In the 80s, evangelicals eagerly read Love Is A Choice and Codependent No More (neither of which I’ll link to, lest people misunderstand me as promoting them). As I read Love Is A Choice, I convinced myself that my mom’s perceived character flaws somehow caused me to behave in a codependent manner. I began evaluating her, silently making note of all her supposed faults that I would no longer tolerate.
Friends reinforced my view of Mom, encouraging me to stand against those things in her that allegedly locked me into codependency. For the most part, I relished their validation. Heaven knows (I assured myself), she never validated my feelings! I nodded in agreement as I turned the pages and identified multiple ways that she apparently failed to “fill my love tank.”
The more books I read by “Christian” psychologists, the more harshly I blamed my mother for my sins of anger and anxiety. Of course, back then I didn’t really acknowledge them as sins. Rather, I considered them “psychological damage.”
Deep down, however, I wrestled with the thought that all the material I read on codependency (and especially the book, Love Is A Choice) gave me convenient excuses to disobey God’s command to honor her (Exodus 20:12, Ephesians 6:1-3). Could it possibly be that the counseling ministry I worked in and the women’s ministry in my church influenced me to subjugate the clear teachings of Scripture to psychological principles? Yes, in the name of Christian ministry, I indeed created a way to extricate myself from God’s command to honor Mom.
Jesus had pointed words for those of us who use religion as a reason to dishonor our parents.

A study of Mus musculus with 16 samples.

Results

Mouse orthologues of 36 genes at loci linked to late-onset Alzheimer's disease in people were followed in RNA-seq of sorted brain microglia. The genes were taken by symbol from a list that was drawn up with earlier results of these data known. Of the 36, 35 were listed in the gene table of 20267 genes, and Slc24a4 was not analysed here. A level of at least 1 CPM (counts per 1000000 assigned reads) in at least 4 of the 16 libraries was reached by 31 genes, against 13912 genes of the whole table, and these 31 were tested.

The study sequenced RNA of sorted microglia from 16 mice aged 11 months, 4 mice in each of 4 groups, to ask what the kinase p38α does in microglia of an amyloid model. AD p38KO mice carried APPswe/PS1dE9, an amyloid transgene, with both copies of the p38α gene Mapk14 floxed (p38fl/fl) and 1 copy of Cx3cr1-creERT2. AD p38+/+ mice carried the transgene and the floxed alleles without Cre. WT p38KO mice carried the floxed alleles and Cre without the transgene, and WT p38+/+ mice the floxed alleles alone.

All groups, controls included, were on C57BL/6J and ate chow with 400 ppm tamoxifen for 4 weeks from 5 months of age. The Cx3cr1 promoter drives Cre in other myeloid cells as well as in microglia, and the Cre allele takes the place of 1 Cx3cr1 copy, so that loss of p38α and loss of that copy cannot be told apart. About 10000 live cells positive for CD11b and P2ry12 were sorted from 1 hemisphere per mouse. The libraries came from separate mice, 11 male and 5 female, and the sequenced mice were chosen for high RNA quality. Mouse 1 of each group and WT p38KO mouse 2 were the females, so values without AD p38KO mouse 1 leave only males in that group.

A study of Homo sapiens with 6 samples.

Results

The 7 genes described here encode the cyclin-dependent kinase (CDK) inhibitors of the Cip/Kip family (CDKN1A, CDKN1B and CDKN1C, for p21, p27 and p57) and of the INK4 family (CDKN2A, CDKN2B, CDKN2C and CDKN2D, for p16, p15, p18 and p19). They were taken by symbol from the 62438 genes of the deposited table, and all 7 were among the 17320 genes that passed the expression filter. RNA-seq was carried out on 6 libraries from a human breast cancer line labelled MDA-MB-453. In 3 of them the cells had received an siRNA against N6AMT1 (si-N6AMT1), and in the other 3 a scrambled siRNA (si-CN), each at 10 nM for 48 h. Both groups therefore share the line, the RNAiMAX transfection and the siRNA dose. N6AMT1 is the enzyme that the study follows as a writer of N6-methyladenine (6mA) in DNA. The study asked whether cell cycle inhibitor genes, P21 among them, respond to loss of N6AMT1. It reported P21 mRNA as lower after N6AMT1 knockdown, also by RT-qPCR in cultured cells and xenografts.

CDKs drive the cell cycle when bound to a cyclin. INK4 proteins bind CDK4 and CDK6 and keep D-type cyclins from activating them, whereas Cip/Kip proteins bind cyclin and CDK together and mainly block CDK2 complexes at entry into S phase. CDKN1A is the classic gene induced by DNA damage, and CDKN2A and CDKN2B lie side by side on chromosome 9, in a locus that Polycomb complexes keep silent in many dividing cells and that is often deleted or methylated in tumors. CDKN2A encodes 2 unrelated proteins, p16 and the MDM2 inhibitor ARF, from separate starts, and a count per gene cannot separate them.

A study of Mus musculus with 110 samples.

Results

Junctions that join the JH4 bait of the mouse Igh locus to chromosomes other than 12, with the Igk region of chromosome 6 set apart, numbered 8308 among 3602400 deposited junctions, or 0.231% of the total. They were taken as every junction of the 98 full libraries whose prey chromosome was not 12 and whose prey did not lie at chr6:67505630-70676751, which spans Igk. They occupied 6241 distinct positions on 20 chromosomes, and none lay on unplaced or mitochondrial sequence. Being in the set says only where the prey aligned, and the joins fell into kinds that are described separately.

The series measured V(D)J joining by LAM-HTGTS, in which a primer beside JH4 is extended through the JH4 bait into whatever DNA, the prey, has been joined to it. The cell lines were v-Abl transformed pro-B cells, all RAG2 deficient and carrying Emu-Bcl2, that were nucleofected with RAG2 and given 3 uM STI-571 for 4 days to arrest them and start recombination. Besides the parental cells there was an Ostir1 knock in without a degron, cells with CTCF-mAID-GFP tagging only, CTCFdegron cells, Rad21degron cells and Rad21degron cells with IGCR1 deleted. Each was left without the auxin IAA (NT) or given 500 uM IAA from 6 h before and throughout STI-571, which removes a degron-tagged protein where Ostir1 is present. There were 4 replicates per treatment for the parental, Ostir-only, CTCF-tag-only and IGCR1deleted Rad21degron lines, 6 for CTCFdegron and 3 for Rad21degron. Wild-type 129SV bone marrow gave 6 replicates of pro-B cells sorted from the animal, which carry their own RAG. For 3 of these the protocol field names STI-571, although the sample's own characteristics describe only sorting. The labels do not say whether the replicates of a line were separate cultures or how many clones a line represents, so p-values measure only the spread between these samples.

9 And he said to them, “You have a fine way of rejecting the commandment of God in order to establish your tradition! 10 For Moses said, ‘Honor your father and your mother’; and, ‘Whoever reviles father or mother must surely die.’ 11 But you say, ‘If a man tells his father or his mother, “Whatever you would have gained from me is Corban”’ (that is, given to God)— 12 then you no longer permit him to do anything for his father or mother, 13 thus making void the word of God by your tradition that you have handed down. And many such things you do.” ~~Mark 7:9-13 (ESV)
And just as the Pharisees concocted traditions that allowed them to violate God’s Law, so “Christian” psychology and its embrace of codependency theories allow evangelicals to blame their parents for their sins. I’ve shared my experience, not as an exercise in catharsis, but instead to demonstrate that teachings on psychological principles such as codependency actually lead people away from Biblical Christianity.
As with much of psychological counseling (whether or not that counseling labels itself as Christian), counseling that targets codependency issues puts the emphasis on self, convincing the counselee that she is the victim. She may, according to her counselor, be loving others in a desperate attempt to earn their love, God’s approval or both. As a result she loses her own sense of self, thereby placing herself under the control of others. Rather than freely loving them, says the teaching on codependency, she makes herself their slave.
When a counselor identifies codependency as an issue, the counselee is shamed for putting others before self, and therefore encouraged towards putting her self-interest ahead of the needs of others. As I plan to discuss in an upcoming blog post, this attitude directly contradicts the Bible’s teaching.
For the purposes of this essay, we must recognize that the recommended selfishness leads the counselee away from honoring her parents by encouraging her to dwell on ways they’ve supposedly wounded her. Although the counselor pays lip-service to the importance of forgiveness, the bulk of the counseling explores various ways that the parents have, knowingly or unknowingly, inflicted damage.
As Bible-believing Christians, we must reject counseling for codependency, seeing its obvious opposition to basic Biblical doctrine. Its enticement to dishonor parents is just one of the ways it encourages disobedience to the Lord, but it’s a major one. And even without the other ways it distorts the Word of God, it grieves the Holy Spirit. In obedience to our Heavenly Father, then, we must choose to honor our parents.